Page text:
Some racers use a reverse (opposite of street standard) shift pattern so they can more easily upshift while finishing a turn. With standard shift, they might not be able to get their toe between the road and the lever. Not all racers use this pattern. Mat Mladin supposedly uses a standard shift pattern.
Manufacturers use a standardized pattern. I'm not sure if that came about because of an industry wide agreement or if there was some government legislation involved at some point. The effect is the same -- they are all the same. I have no idea why it is 1st gear is down and all other gears are up. Probably arbitrary.
On most bikes it is easy to switch the pattern if you want. Just reverse the stock linkage. Or if that won't work, aftermarket rearsets almost always allow the pattern to be reversed.
I used to ride and race Nortons years ago. The gear shift lever was on the right side and the shift pattern was one up, three down. I believe there was legislation in the early 70's that standardized the shift lever to be on the left side and a one down, then up, up, up for up shifting. Norton actually changed their shift lever to the other side just before they went out of business. I personally thought the up, down pattern to be better for racing since you finish with all your down shifting just before a turn then its easy to upshift coming out of turns by pushing down on the shift lever.
Yeas, I haven't raced, but the up, down down down system seems more logical. I recall somewhere that the shift from right-hand to left-hand shifting came about due to US regs? Something about being able to lean on your 'more sure' right foot (most people being right-handed) while putting it into gear??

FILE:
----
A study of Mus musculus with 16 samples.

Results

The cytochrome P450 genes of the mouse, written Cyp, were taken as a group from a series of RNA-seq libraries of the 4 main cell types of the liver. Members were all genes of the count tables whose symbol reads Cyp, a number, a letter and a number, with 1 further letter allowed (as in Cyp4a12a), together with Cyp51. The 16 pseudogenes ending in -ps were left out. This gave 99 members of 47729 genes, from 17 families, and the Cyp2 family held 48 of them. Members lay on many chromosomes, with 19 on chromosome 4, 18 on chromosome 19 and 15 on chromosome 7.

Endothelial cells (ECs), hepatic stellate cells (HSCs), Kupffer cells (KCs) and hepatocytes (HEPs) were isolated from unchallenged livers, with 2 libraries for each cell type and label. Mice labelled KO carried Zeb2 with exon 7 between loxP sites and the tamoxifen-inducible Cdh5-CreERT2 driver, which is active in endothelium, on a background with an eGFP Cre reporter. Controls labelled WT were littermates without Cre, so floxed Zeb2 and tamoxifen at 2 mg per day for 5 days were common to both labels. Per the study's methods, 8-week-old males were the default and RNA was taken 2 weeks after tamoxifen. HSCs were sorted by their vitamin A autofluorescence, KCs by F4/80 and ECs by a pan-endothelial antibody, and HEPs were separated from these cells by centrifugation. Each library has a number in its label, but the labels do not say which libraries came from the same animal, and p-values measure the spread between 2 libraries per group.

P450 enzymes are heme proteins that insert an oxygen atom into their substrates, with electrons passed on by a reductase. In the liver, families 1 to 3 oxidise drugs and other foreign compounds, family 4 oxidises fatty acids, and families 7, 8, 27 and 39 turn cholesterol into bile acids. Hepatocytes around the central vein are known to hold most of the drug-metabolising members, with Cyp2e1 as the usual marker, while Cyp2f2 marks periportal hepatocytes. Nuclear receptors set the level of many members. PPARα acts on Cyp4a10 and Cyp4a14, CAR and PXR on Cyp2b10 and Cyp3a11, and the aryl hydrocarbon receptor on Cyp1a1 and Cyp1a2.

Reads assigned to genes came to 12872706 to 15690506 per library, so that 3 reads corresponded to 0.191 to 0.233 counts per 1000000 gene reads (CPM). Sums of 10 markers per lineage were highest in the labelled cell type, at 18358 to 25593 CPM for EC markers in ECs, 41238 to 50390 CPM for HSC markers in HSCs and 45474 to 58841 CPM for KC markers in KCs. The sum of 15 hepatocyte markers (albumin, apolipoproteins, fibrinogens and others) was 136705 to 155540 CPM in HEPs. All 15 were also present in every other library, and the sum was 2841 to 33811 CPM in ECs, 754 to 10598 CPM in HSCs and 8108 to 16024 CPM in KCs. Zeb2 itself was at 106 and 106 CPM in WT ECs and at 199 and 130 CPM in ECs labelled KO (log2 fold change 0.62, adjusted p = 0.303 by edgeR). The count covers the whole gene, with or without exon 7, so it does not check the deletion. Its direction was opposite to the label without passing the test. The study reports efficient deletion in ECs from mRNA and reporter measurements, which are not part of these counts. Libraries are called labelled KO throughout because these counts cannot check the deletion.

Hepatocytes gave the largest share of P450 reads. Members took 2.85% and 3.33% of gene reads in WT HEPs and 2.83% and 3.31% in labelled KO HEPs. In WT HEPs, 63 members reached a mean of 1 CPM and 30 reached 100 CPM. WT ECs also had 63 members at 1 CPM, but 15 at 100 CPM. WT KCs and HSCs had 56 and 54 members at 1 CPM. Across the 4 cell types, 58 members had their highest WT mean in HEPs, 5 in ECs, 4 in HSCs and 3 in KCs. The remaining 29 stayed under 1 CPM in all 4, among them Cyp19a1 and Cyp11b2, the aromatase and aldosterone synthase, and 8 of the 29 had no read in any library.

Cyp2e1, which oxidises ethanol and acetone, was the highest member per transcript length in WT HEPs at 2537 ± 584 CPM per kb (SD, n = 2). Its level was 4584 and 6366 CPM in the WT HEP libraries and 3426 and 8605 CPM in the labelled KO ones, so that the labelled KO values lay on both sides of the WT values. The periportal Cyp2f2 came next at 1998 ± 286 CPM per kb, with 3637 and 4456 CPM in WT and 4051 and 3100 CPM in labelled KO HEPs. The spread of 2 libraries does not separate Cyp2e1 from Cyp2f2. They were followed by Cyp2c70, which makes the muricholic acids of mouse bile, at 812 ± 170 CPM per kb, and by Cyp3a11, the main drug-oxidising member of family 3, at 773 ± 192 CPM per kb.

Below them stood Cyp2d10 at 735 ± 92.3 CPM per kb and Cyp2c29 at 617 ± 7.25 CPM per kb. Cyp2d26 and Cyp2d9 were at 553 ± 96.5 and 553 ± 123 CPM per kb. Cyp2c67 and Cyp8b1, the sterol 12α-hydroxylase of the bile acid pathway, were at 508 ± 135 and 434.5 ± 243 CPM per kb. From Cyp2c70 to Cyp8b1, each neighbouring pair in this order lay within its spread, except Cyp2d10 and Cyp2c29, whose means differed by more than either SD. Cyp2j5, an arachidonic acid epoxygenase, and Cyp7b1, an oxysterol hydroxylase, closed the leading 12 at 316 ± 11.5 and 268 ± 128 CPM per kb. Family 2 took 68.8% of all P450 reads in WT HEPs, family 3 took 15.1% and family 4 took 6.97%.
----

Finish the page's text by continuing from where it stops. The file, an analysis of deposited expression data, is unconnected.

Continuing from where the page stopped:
As to the down up up up - can't imagine that any laws would have been enacted on that one... but guess it's too late for manufacturers to change now
Early 70's Ducatis were right foot change aswell. I had a '76 900 SS that looked like a stop gap measure with the introduction of left foot changes as it had a linkage going from the left hand side through the back of the engine to the right hand side with more linkages then into the right side crankcase. I think it was more of a case of Japanese manufacturers selling more bikes and the left foot change was the standard for them...maybe due to the architecture of the engine and drivetrain more than any sort of cultural difference.